Monday Scripture - Jonah 4:1-3 But this was very displeasing to Jonah, and he became angry. He prayed to the Lord and said, “O Lord! Is not this what I said while I was still in my own country? That is why I fled to Tarshish at the beginning; for I knew that you are a gracious God and merciful, slow to anger, and abounding in steadfast love, and ready to relent from punishing. And now, O Lord, please take my life from me, for it is better for me to die than to live.”
Is it wrong of me to be relieved that Jonah resists God's insistence that Jonah forgives and be reconciled with the Assyrians?
After all, Jesus makes it very clear that mercy and forgiveness are THE core value and practice of those who dare to follow as his disciples. His insistence is repetitious. He begins with 'forgive us our debts as we forgive our debtors,' when he teaches us to pray. He moves on, relentlessly with the reminder that we should love our enemies and pray for them. Then he goes so far as to suggest that when someone strikes us on one cheek, that we turn the other as well. It is all presented to us without acknowledgment of the challenge and risk of being that forgiving. And that is something I have always struggled with.
So when Jonah resists by running, grumbles through the mission he is called to and voices his displeasure when Ninevah repents and God is merciful, I am relieved. Sometimes it feels as if Jesus think's forgiveness and reconciliation are easy. How are we to live up to the example of a man who can hang from a cross and ask God to forgive the Romans who drove the nails in his hands? But Jonah. This is a character I can identify with. Miroslav Volf reminds ' whenever the miracle of forgiveness happens, it is a miracle of grace.' In the story of Jonah, that is very apparent. It will be a miracle for Jonah because it is counterintuitive for us to believe that mercy and forgiveness will lead us to reconciliation and security. This frees us from the expectation that forgiving will be an easy or natural response. It is, supernatural, a call from beyond. Like the call to Abraham it is a leap into darkness, a step on a path that is unknown, untested and risky. So I need not beat myself up with guilt and shame when mercy and forgiveness are not my first response and reconciliation, not my highest goal.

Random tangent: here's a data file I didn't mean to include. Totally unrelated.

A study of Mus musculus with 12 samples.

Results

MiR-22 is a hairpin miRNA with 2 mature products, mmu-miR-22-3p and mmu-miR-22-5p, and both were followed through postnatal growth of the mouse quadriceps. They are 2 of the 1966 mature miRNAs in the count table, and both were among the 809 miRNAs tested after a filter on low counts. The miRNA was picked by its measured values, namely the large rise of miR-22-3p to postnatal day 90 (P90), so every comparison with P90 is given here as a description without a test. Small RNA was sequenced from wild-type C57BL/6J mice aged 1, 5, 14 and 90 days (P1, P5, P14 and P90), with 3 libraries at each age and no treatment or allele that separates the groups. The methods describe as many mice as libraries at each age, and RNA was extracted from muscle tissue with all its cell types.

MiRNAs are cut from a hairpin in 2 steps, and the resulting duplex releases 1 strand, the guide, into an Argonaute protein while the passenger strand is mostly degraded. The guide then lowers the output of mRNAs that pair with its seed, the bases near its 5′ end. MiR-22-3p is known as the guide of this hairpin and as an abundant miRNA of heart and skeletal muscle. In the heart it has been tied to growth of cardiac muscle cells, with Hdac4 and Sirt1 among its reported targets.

Having said all this, there is the unmistakable irony of the story of Jonah. When he was in the belly of the whale he cried out and God was merciful. Jonah himself lets us know that this whale belly represents more than the gastrointestinal system of a large sea creature. 'I cried to you from Sheol,' Jonah prays. From the place of death. So the belly of the whale represents that place where we feel abandoned, where doubts plague us. Even more, it represents that place where we have failed and feel unworthy. There is no future in Sheol. But Jonah calls out desperately and suddenly, there is a future for him again. Which is surely meant to remind us that in those moments when we not only felt lost or alone or abandoned but when we felt worthless in our failure, God still loved us. This is the great good news of the story. When we see no value in ourselves, God still believes in us. That is the challenge of the good news. If God has loved us this much, how dare we deny that kind of loving mercy to others?
Allow this story to shape you by prayerfully recalling the second chances God blessed you with. Remember the times you felt a failure, worthless, yet God's love intervened.
Go further spiritually by being Jonah. Consider who your Assyrian might be. Not only what person do you find it most difficult to forgive, but what group of people is a threatening other? Lift them up in your prayers as well. Finally, accept the risk of considering how you have been the Assyria. But do this with the gift of grace that when we confess our sins, God is faithful and just to forgive us our sins.